On the one-year anniversary of John Lewis’ burial, activists, politicians and organizers gathered at the John Lewis Memorial Mural to celebrate Lewis’ lifetime of public service.
The event’s honored guests were Samuel and Henry Lewis, two of John Lewis’ younger brothers.
It was both of the Lewis brothers’ second time visiting the mural, they both described John Lewis as someone who was always fascinated with the arts.
In 2013 John Lewis published “March” the first in a trilogy of autobiographical graphic novels. He was the first member of congress to write a graphic novel.
Henry Lewis spoke about visiting Fisk University, where his brother John graduated in 1967, a few weeks ago and seeing the art classroom. He said that having that exposure to the arts at a young age definitely had an impact on John.
“Anywhere that he spent any amount of time— whether it was in, his office in Washington, his office in Atlanta or his home in Atlanta or his home in Washington— artwork was on display,” Henry Lewis said.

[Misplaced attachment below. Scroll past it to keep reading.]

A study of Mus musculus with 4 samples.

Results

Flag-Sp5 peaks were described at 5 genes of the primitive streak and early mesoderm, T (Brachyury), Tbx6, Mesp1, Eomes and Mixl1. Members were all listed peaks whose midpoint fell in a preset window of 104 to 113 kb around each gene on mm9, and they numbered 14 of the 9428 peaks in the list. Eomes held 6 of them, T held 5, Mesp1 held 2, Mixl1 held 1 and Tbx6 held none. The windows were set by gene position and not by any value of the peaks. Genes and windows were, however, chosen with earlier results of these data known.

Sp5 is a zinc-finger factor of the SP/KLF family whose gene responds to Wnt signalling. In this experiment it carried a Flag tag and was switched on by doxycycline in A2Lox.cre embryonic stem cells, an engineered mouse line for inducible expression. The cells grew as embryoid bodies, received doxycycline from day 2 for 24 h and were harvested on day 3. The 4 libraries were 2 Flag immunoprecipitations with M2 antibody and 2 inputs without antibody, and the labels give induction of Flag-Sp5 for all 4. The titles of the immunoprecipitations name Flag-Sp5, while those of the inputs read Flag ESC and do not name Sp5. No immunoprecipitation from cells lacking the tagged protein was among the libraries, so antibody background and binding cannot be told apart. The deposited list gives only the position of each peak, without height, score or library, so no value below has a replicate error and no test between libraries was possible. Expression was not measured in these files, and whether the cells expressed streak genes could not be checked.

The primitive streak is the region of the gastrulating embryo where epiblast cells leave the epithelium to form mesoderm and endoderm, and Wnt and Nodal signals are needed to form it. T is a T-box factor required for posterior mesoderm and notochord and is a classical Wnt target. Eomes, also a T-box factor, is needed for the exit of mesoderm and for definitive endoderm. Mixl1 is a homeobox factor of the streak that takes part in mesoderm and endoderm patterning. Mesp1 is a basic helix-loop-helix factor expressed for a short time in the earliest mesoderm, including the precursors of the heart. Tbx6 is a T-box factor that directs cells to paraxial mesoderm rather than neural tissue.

He added that when John traveled to Africa he would bring back art, especially art that made a statement.
The speakers at the event spoke of John Lewis the civil rights icon and champion of the disenfranchised.
“John Lewis was always about getting the job done,” said former Atlanta Mayor and Ambassador Andrew Young.
Former Georgia gubernatorial candidate Stacey Abrams said that Lewis knew his march had never ended.
Henry and Samuel Lewis spoke about a side of their older brother beyond the legend that surrounded him as an icon of the civil rights era.
“John was a serious-minded man, but when he came home he had time to spend with his brothers and sisters and his nephews that was all around,” Samuel Lewis said.
Despite their 12 year age difference, Henry Lewis said he and John had a tight bond and would be in contact four or five times a week.
“Even when he was real busy, we would find a way to make contact. That was really important to me— being his younger brother, that he would take the time to give me that time,” Henry Lewis said.
Samuel Lewis called his brother John a humble man. He said he hopes that people know that the fight is not over because there is still a lot more to be done.
The John Lewis Memorial Mural is at the corner of Auburn Ave and Jesse Hill Jr. Drive a few blocks from where Representative Lewis’ Atlanta congressional office was.